If you’re a public student, or you read, hear, talk or even just care about public health you’ve most likely come across the term “multisectoral”. It’s thrown around a lot when discussing things like community and population health or health disparities. But what does multisectoral mean? And why is it so important to the public health field?
Pardon me if I’m getting a little deep here, but the way I see it health is probably the most important thing in life. Health is fundamental to every sector of our society. I mean, think about it, you really can’t do anything without good health. And, while a good economy, government and all that good stuff is important in the world it would be nothing without healthy people. This is why multisectoral collaboration is so important. It really needs to be a community effort to achieve a healthy society of people who are able to then fill all the roles of said community. So what I’m getting at here is that health needs to be considered and integrated in the decision making process across all sectors of society, a collaborative approach called Health in All Policies.
Health care workers work to provide many services, including health education, disease surveillance, treatments, and other interventions. But as we well know health is affected by far more than just germs, medicine and access to health care and our doctors, nurses and social workers are not enough. Health is affected by everything around us. Determinants such as income inequality, education, discrimination, environment, employment, housing, food resources, socioeconomic status and more. All these factors affect our ability to make healthy choices access health resources. This is particularly important in disadvantaged communities. In order to effectively influence population health, it is crucial to target the root causes within a broader societal perspective. Government departments, state and local, like urban planning, education, and finance all make decisions that impact our health and how we live.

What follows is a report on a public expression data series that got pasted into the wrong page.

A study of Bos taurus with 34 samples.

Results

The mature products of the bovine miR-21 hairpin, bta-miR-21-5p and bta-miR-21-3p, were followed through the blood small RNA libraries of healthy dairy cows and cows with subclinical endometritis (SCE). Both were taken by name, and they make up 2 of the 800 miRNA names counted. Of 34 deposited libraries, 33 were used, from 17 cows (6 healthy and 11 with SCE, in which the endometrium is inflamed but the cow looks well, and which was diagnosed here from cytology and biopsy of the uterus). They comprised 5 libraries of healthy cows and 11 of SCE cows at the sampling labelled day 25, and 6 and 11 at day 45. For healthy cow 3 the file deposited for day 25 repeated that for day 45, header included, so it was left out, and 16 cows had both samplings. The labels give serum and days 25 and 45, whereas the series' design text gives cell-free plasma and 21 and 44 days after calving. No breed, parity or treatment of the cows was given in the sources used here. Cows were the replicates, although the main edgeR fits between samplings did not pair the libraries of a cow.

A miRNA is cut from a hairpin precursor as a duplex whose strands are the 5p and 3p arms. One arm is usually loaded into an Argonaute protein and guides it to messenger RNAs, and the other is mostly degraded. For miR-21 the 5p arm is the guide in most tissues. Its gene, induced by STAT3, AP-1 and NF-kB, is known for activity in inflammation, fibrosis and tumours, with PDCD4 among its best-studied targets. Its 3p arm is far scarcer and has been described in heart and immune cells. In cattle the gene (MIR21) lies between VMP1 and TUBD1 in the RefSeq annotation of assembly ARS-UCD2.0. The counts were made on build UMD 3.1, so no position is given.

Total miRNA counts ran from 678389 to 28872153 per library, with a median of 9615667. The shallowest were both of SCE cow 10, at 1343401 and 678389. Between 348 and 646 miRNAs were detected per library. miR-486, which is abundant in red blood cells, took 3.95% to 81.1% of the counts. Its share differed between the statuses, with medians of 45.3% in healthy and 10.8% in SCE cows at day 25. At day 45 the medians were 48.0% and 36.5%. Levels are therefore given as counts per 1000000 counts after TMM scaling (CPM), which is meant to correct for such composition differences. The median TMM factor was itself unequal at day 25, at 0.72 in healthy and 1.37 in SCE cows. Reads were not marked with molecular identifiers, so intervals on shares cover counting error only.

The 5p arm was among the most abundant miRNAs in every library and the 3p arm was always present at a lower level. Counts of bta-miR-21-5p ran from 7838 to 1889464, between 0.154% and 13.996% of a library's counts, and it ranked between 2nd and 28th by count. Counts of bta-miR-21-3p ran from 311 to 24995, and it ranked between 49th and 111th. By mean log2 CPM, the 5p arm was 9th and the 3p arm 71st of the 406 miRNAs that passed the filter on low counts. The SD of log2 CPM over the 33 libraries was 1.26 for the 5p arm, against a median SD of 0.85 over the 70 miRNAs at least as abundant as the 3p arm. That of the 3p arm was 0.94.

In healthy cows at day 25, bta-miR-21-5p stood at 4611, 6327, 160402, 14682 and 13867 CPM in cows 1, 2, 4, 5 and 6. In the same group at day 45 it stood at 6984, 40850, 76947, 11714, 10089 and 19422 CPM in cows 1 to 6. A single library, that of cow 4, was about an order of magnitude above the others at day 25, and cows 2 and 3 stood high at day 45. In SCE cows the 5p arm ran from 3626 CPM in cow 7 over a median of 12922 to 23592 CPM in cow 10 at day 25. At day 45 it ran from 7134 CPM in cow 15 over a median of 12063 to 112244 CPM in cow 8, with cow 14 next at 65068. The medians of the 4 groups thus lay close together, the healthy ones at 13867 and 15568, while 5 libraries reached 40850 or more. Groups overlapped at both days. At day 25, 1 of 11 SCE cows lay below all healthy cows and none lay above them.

The way a community is built interms of its land patterns, transportation, and design bears heavily on the health of the people living there. Neighborhoods with mixed-used areas, good public transportation, and big sidewalks make it a lot easier and safer for people to walk or ride bikes rather than use cars. In many urban areas there is limited access to nutritious food and “food deserts” run rampant. Better food sources like affordable local farmers markets would allow people to maintain healthy diets. A good safe home is also a foundation for health. Thus, investing in housing that is designed, built and maintained in ways that support health is vital. In terms of business, a healthy workforce is an efficient workforce. Well-designed health plans, employee wellness programs and other health tools can encourage employees to take more initiative in their health. Healthy employees reduces the need for costly healthcare services and is generally a return on investment. School play a crucial role in addressing the physical, mental, social, and environmental factors related to health and well-being that affect learning. Districts should have policies that support and promote the healthy behavior of their students and staff. A better education also opens doors to many more opportunities in the future.
Incorporating health considerations into policies across all sectors will be challenging. Even when decisions are made execution must be sustainable in order to have a lasting impact. But I think it’s possible — it has to be. We all have a vision for healthcare, but it doesn’t always have to be so far downstream where we are diagnosing and treating people for things that could have been avoided. Because real, true health shouldn’t be about curing the disease, but about preventing it in the first place. And healthcare shouldn’t be about the system or the cost, but about our actual health.